Law needed to force companies to use Guyanese in oil industry

Former Trinidad Energy Minister


By Neil Marks

Guyana needs to enact legislation that would guarantee the provision of goods and services by local companies to the oil and gas industry, Kevin Ramnarine, a Strategic Energy Adviser and former Energy Minister of Trinidad and Tobago has said.

“The sooner you get there it would be better. You have to have the power of law to compel the companies to use local goods and services,” Ramnarine said at an event organised by the Georgetown Chamber of Commerce and Industry (GCCI) Tuesday.

He added: “If you leave it up to the good intentions of the multinationals, you probably are not going to get the impact you want.

“You want as much as possible the supply chain for this industry to come from Guyana; not everything. Nobody here can supply drillship…but there are other things you can supply.”

Ramnarine reasoned that in the formative years of the industry in Guyana it might be difficult to get everything that is needed locally, and that has to be taken into consideration.

But he recommended that there be a so-called Local Content Law, and Local Content requirements be stated specifically in the production sharing contract with the companies.

He noted that the case of Trinidad and Tobago, in the 1960s and the 1970s, what Trinidadians supplied to the oil and gas industry were just rented cars, rented homes, and food. But that has now changed.

“A lot of the mudlogging, cementing and drilling are done by Trinidadian companies. But that takes time.

“It took almost a generation for that skill-set to really emerge in Trinidad to the point now where we export those skills set around the world,” Ramnarine stated.

Ramnarine warned, however, that a Local Content Law could be challenged for violating rules of the World Trade Organisation, with Guyana being accused of creating a non-tariff barrier.

He also pointed to the fact that at times, defining what Local Content is can be difficult.

Speaking at the same event Tuesday at Duke Lodge in Kingston, Georgetown, Ralph Ramkarran, former Speaker of the National Assembly, said past practices could help develop a clear picture of what Local Content in the oil and gas industry could mean.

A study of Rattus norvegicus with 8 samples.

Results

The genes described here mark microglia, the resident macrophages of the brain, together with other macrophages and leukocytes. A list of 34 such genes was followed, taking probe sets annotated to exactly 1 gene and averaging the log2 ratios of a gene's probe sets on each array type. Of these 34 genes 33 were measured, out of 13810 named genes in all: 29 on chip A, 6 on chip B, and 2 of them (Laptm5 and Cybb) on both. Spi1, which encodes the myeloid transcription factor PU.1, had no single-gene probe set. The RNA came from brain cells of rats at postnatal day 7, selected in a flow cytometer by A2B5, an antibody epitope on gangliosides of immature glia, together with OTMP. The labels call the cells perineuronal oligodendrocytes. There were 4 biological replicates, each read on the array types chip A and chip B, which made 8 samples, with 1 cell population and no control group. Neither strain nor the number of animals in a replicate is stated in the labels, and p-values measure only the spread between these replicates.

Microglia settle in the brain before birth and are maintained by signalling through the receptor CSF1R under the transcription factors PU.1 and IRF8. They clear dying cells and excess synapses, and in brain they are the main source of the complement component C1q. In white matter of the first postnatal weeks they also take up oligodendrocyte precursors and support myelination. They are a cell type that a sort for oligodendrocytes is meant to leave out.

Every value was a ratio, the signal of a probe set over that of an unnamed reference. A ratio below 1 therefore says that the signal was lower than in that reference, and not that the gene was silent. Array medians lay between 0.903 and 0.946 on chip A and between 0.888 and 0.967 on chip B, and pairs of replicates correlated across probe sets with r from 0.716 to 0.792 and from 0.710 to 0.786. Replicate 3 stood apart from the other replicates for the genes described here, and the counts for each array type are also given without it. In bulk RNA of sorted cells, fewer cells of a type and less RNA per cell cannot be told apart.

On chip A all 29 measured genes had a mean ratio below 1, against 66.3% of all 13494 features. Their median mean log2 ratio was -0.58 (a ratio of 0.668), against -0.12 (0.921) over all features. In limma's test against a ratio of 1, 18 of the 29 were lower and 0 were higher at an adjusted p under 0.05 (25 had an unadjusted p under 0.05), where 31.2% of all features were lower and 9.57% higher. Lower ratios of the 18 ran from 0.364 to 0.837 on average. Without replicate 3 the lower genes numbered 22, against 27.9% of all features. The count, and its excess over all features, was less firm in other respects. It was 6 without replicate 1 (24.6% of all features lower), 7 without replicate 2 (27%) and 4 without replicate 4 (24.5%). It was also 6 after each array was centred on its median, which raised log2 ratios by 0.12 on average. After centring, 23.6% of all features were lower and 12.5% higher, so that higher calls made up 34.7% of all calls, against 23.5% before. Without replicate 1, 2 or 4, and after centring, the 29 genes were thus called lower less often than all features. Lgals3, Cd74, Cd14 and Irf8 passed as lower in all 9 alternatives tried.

Former Speaker of the National Assembly, Ralph Ramkarran

In decades past, Ramkarran said any ship that came to Guyana or had business to do in Guyana had to have a local number of stevedores employed, otherwise, they wouldn’t get their goods offloaded or unloaded at the wharves.

But that policy was somehow lost and nobody bothered about it and as a result, the stevedore industry died, with many giving up work in the shipping industry to take up other jobs here or migrating to work in the industry elsewhere.

“There are many organisations like GUYOIL, for example, which hire ships that bring oil to Guyana that have only Filipino seamen. Good luck to the Filipinos!

“But what about when you hire ships, you ask them to put a certain number of Guyanese stevedores, otherwise we will go and search for other vessels – other ship owners – who are willing to do that. None of that was ever tried,” he stated.

“That is what Local Content means.”

Ramkarran agreed that there needs to be legislation dealing with Local Content.

“Unless you put a law in, even your friends are unwilling to help you with Local Content.”

Deodat Indar, President of the GCCI said that Guyanese would not get jobs, or their goods and services would not be used by the stroke of a magic wand. He said that Guyanese businesses must develop to be able to meet demands.

Deodat Indar, President of the GCCI

“The oil and gas industry will be a consumer. What it consumes Guyana should be able to provide, be it goods or services.

“What we can do now, let us do and as we grow as a country we can be able to migrate into supplying them. But we cannot be asleep all the time and expect things to get done,” he stated.

Indar added that Guyanese need to be on track with developments in the oil and gas sector.

“We need to understand what is happening. We need to be oil conscious all the time.”